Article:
Horses Helping Humans
Equine Therapy Counseling Services
Contact: Sheryl Johnson, MA, LCPC, EAGALA Member
Hope Reins, 12n393 Waughon Rd., Hampshire, IL 60140 @ 847 612-4309
Equine therapy programs are facilitated by licensed therapists who are also experienced, certified equine specialists. One organization certifying Equine-Assisted Psychotherapists (EAPs) is the Equine Assisted Growth and Learning Association (EAGALA). According to its web site, EAGALA is “dedicated to improving the mental health of individuals, families and groups around the world by setting the standard of excellence in equine-assisted psychotherapy.” EAGALA is the premier professional association providing standards, education and support for EAP professionals.
EAP professionals say this therapy provides opportunities for metaphorical learning. Using metaphors, either in activities or discussion, is an effective technique for working with individuals. Non-verbal communication with a horse helps clients better understand themselves and how they relate with others in the world. Horses relying on instinct and intuition, are adept at reading non-verbal cues, and reflect back to the individual with their responses.
EAP can be useful for clients dealing with psychosocial issues and various mental health needs, such as (but not limited to):
- Anxiety disorders
- Family Dysfunction
- Mood disorder
- Behavioral difficulties
- Other psychological illness, such as ADHD, autism, personality disorders, depression, post-traumatic stress disorder (PTSD)
- Major life changes such as trauma, grief, divorce and loss
- At-risk youth
- Victims of violence
- Groups within businesses or organizations
Horses are large, imposing animals that can weigh anywhere from several hundred to 1,000 pounds. They’re also social animals, just like humans, and they have defined roles within their herds. Horses have distinct personalities, moods and attitudes. If you ever doubted this, just watch an interaction between a person and a horse. What works with one horse will not necessarily work with another. A horse may seem stubborn and defiant, or playful and fun. In fact, they like to have fun, and they like to be with their peers.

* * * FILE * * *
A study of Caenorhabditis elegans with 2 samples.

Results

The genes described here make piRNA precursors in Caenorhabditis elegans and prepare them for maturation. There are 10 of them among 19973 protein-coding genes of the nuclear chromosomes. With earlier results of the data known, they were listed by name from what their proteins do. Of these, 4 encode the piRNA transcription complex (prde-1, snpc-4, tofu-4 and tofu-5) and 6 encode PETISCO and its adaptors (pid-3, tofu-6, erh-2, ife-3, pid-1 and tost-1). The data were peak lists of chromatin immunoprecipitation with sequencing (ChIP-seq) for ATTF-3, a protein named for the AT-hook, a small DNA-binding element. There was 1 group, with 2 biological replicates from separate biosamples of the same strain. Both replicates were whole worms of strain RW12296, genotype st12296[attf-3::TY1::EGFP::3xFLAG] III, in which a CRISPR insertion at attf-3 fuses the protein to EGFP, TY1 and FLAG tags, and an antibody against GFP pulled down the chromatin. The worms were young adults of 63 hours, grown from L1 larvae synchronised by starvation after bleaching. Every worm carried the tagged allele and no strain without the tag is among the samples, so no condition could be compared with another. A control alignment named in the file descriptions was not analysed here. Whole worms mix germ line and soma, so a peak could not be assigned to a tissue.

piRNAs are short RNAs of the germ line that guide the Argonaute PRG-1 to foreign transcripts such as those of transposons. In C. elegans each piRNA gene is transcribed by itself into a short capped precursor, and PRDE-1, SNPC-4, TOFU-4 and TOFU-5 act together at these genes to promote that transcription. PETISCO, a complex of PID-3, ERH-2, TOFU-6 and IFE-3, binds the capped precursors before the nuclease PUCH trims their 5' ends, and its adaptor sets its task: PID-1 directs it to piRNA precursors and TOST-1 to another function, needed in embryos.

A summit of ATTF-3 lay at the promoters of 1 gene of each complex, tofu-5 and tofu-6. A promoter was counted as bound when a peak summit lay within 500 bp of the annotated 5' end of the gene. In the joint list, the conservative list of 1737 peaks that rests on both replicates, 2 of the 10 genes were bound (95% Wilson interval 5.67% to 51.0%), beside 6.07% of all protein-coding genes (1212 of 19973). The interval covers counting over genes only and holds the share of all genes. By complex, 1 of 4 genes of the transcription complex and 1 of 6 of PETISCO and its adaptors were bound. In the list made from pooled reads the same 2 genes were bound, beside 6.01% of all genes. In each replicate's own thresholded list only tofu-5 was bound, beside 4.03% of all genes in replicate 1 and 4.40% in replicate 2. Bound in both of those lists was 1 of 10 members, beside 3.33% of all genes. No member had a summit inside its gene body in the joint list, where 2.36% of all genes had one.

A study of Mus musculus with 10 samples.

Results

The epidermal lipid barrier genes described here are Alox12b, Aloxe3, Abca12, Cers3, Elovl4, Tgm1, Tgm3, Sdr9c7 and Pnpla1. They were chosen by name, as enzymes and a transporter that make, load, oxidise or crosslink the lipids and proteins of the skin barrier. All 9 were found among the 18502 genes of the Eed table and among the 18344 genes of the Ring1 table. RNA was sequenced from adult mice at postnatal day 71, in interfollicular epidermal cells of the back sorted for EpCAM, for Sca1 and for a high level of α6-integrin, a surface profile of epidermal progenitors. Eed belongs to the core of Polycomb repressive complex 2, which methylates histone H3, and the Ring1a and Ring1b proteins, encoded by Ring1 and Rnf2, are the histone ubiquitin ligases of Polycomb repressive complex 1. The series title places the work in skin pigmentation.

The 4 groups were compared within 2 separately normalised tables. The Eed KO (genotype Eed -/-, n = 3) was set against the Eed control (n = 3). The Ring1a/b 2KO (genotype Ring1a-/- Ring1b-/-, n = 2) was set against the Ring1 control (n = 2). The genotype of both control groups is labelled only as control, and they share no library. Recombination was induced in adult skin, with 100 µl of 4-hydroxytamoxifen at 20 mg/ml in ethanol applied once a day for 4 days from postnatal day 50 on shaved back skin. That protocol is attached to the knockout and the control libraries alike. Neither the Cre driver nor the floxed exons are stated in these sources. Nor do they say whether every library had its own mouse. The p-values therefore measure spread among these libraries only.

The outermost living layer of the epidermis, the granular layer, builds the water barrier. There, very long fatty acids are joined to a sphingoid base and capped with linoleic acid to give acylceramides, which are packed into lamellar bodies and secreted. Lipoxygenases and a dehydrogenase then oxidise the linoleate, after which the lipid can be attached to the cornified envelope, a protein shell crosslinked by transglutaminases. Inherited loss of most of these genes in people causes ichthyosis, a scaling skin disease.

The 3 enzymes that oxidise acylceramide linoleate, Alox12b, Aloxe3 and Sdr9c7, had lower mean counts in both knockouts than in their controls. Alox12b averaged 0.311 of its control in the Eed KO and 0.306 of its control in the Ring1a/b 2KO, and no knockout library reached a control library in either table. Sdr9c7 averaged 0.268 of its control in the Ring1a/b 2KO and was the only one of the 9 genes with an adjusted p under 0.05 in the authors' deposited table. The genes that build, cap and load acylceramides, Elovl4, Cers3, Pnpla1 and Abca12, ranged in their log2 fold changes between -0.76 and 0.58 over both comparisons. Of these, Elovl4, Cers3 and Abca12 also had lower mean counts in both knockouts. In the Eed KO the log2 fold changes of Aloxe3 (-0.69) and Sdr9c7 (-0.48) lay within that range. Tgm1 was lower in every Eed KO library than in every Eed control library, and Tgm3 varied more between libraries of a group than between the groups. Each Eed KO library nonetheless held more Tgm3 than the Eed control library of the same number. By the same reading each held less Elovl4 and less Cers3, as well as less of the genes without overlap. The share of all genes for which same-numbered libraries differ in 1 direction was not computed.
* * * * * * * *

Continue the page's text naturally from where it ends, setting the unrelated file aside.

Horses also require work. They can’t clean and groom themselves, or set out their own food. And attending to their needs requires discipline and responsibility.
Documented research shows positive physical and psychological results from humans interacting with horses. These include, but are not limited to, decreased blood pressure and heart rate, lower levels of stress, reduced feeling of tension, anxiety, anger and hostility, as well as increased levels of beta-endorphins, and beneficial feelings of self-esteem, empowerment, patience and trust.
Often, clients being treated with EAP have difficulty relating to other human beings, and would not accept closeness with another person – but they will with horses. There’s a bond that develops over time with equine-assisted therapy that is profound and natural, according to therapists utilizing the modality.
To effectively communicate with a horse involves a lot of patience, consistency, attention and understanding. Horses are sensitive to mood, and have moods of their own. According to equine experts, horses have the ability to mirror the moods of people. A client may tell the therapist that the horse is stubborn – when, in fact, it is the client that is stubborn and resistant. Another often-heard initial comment is that “the horse doesn’t like me.” But horses, say the experts, are honest – and this makes them valuable assets in helping clients develop necessary non-verbal communication skills. This requires the client to get outside their self, to respond to the horse with affection and attention. The result is that the horse will respond in a similar fashion.
The bond that develops between horse and the clients involves:
- Communication skills
- Mutual trust
- Unconditional acceptance
Our licensed and certified experts can help. Call us today at 847 612-4309 for a confidential assessment.